October 4, 2010
Leafs' Kadri has the right attitude
By MIKE ZEISBERGER, QMI Agency
TORONTO - The first rule in learning how to play against men is acting like one yourself.
To that end, Nazem Kadri seems to have passed his first major test on his climb to the NHL.
When it was over, Maple Leafs management made the only logical decision it could when it announced the worst-kept secret in hockey Monday.
Yes, Nazem Kadri is going to the American Hockey League’s Toronto Marlies. If that turn of events shocks you, you must have just slithered out of a cave.
Simply put, he just wasn’t ready for the National Hockey League. Not yet anyway.
That might not be the case next week, next month, even next year. In fact, judging by his mature reaction to his re-assignment, Kadri might be back with parent club sooner rather than later.
Simply put, when Leafs general manager Brian Burke informed him of the news, he took it like a man.
“There’s no sense in crying about it,” Kadri said in a phone interview Monday night. “That serves no purpose whatsoever.
“It’s about working hard and showing you belong up there.”
When Burke told him earlier in the day that he was ticketed for the farm, the Leafs GM explained that he’d once had this same discussion in Anaheim with Ryan Getzlaf, who built on his time on the farm to go on to win a Stanley Cup and Olympic gold medal.
If Kadri ends up being anywhere near the productive player that the dominating Getlaf has become, Burke and his management team will be giddy at the results.
“This was my second time through an NHL training camp and I know what I have to do,” Kadri said. “There are a lot of great things I can learn down there.
“It’s a process.”
Perhaps the biggest eye-opener for the former London Knights star came during Friday’s 7-3 pre-season thrashing at the hands of the Detroit Red Wings at Joe Louis Arena. The high-flying Wings put on an exhibition, all right, producing an offensive and defensive display that showed Kadri first-hand how top-end professionals take care of business at both ends of the ice.
Of all the pre-season tilts he laced up for, the Detroit loss probably was more productive than the one earlier in the week, a 5-4 victory over the rival Ottawa Senators in which he scored two goals and one assist.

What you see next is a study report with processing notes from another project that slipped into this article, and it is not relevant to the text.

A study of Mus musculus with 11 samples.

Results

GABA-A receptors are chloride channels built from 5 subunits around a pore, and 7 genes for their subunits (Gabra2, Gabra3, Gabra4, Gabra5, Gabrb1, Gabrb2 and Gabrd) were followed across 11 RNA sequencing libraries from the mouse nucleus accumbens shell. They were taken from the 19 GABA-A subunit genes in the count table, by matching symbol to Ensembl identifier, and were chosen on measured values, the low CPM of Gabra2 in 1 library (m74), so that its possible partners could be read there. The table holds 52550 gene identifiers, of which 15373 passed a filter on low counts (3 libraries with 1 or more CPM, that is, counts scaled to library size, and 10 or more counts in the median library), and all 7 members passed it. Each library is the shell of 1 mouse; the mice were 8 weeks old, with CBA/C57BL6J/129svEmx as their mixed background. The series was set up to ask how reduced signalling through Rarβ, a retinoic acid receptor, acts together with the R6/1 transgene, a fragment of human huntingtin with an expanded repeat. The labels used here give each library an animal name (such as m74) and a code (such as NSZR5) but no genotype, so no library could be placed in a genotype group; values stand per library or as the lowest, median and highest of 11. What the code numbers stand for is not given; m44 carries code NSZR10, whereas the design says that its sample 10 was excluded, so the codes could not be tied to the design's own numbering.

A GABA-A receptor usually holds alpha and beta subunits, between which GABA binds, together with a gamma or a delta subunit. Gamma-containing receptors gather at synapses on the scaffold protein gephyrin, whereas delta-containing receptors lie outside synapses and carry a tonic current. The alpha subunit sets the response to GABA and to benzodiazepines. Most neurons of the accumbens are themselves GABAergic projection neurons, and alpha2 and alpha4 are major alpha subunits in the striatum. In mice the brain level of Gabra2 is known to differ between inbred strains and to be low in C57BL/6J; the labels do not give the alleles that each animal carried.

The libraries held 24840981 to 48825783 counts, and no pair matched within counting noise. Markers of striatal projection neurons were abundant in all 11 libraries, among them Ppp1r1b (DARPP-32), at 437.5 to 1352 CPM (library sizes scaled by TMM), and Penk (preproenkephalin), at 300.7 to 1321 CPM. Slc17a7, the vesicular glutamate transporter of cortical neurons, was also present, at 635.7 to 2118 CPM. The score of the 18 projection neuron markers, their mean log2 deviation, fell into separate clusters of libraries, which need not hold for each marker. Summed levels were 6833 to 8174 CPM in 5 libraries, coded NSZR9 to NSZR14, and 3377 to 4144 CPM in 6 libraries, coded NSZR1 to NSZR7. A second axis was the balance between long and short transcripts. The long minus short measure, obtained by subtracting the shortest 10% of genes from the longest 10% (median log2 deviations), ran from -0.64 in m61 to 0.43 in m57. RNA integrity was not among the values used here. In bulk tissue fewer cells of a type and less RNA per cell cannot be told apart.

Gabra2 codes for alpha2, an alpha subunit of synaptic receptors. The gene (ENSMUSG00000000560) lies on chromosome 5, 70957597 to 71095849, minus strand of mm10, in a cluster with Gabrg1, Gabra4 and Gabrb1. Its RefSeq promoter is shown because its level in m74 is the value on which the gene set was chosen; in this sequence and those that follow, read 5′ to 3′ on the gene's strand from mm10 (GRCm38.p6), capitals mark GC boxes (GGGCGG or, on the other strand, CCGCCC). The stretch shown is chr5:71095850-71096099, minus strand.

The Ottawa win might have given him confidence, sure. But the defeat to the Red Wings showed him just how far he has to go in order to reach that level.
“I think Nazem’s accepted that he’s made his own bed,” Burke said. “I think he’s been very mature about it.”
He’s had to be, what with Kadri-palooza having run amok at Leafs camp the past three weeks. Given the intense media coverage and soap opera twists and turns that have accompanied his efforts to make the Leafs, the outstanding pre-season performances from Kris Versteeg and Nokolai Kulemin have been overshadowed.
Through it all, Burke
believes in Kadri, even if the critics don’t.
“If I could go back to the draft and you gave me the microphone again, I would take Nazem Kadri again,” Burke said. “We believe in Nazem as a hockey player and a person. He’s just not ready for the top six yet.”
Burke was asked if Kadri’s so-so training camp was a by-product of being in the hockey fishbowl that is Toronto.
“If the expectations are too much for you as a young player in Toronto, then you know you’ve drafted the wrong kid,” he said. “There are different demands when you are in a Canadian market. I think he’s handled things well.”
Kadri’s AHL salary is $65,000 US, a far cry from his NHL base of $810,000. He could also make another $850,000 in bonuses at the NHL level.
Kadri only has one regular-season NHL game on his resume, yet his face can be found on the ducats for four different games held by season ticket holders.
If he shows the type of maturity on the ice that he’s showing off it right now, maybe it won’t be too long before you see him performing live at the Air Canada Centre instead of the Ricoh Coliseum.